In the 1960s and 1970s, Walt Disney Studios churned out hundreds of films, shot on tight schedules and generally starring actors who had not yet reached or already passed their prime. Most of these low-budget flicks are equally forgettable; the studio made them with the knowledge that the Disney name, coupled with advertisement on the corporation's television show, would guarantee returns from the family market. What's more, in those pre-movie-rental days, the films could be shown as two-part episodes of the weekly Disney tv series after they'd run their course at local theatres.
Napoleon and Samantha, released in 1972, begins with an orphan boy who lives with his grandfather, a fun-loving type who has a chance encounter with a circus clown. When the clown decides to move back to Europe, kid and grandpa inherit his pet, a retired circus lion. As they live in a rural home, they are able to keep the beast's existence a secret. Unfortunately, Grandpa goes the way of all flesh, and Napoleon fears he will lose his freedom and his cat. The boy and his lion run away, joined by Napoleon's spirited female friend, Samantha. They encounter the sorts of dangers kids have in the wilderness in family films (especially when accompanied by friendly carnivores)-- until they meet a mentally disturbed wanted man, who poses a much scarier threat.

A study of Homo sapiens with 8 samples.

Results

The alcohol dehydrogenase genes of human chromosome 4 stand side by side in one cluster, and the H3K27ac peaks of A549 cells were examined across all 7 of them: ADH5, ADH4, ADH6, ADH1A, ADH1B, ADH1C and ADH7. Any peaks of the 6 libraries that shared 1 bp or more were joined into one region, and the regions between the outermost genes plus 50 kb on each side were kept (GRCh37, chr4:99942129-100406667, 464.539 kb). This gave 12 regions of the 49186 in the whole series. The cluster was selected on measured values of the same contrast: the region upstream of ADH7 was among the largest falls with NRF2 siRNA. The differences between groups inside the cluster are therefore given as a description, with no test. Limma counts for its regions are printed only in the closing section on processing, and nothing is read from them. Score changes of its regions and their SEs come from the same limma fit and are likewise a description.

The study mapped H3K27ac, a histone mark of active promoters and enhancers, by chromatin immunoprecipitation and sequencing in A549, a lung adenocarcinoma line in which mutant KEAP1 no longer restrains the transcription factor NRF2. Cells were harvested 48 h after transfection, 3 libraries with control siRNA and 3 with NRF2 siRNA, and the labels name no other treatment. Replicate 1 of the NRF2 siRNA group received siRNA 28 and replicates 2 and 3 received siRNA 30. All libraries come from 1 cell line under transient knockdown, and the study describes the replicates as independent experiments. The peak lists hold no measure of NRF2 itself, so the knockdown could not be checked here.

Thrown into the mix is Danny, a youthful, "hippie"-type man who adds contemporary interest to a film which Disney easily might have made a decade or even two decades earlier. We also get the obligatory chase scene before the obligatory happy ending.
For a Disney film of this era-- a film about two kids on a romp with a lion-- Napoleon and Samantha features some serious touches. The titular orphan boy must deal with the death of his grandfather, his only parent. And while we never learn what hideous crime our gratuitous villain was supposed to have committed, nor what his plans are with the children, the fact that he ties both up as part of a "game" will likely chill adult spines more than it will their kids'.
There's no great cinematic achievement here, though I suppose young children would still enjoy this film. Napoleon and Samantha remains noteworthy mostly for its retroactively interesting casting.
Jodie Foster appears in her first big-screen movie role, as Samantha. While the script makes no excessive demands upon her, the performance marks her as someone whose career bears watching. Johnny Whitaker, Jody of Family Affair, plays Napoleon, one of the few big-screen appearances of his child-star career (he and Foster would appear together again as Tom Sawyer and Becky Thatcher in a 1973 adaptation of the Mark Twain classic). Michael Douglas plays the helpful hippy, Danny. And, shortly before achieving 1970s family programming cult status as Grandpa and Grandma on The Waltons, Will Geer and Ellen Corby appear as, respectively, Napoleon's grandfather and Samantha's busybody babysitter. One of the two lions used in the film, meanwhile, had been an MGM logo lion.
Gold Key also produced a comic book adaptation of the film, well-drawn and featuring a somewhat abridged version of the plot.
Napoleon and Samantha was directed by Bernard McEveety and written by Stewart Raffill.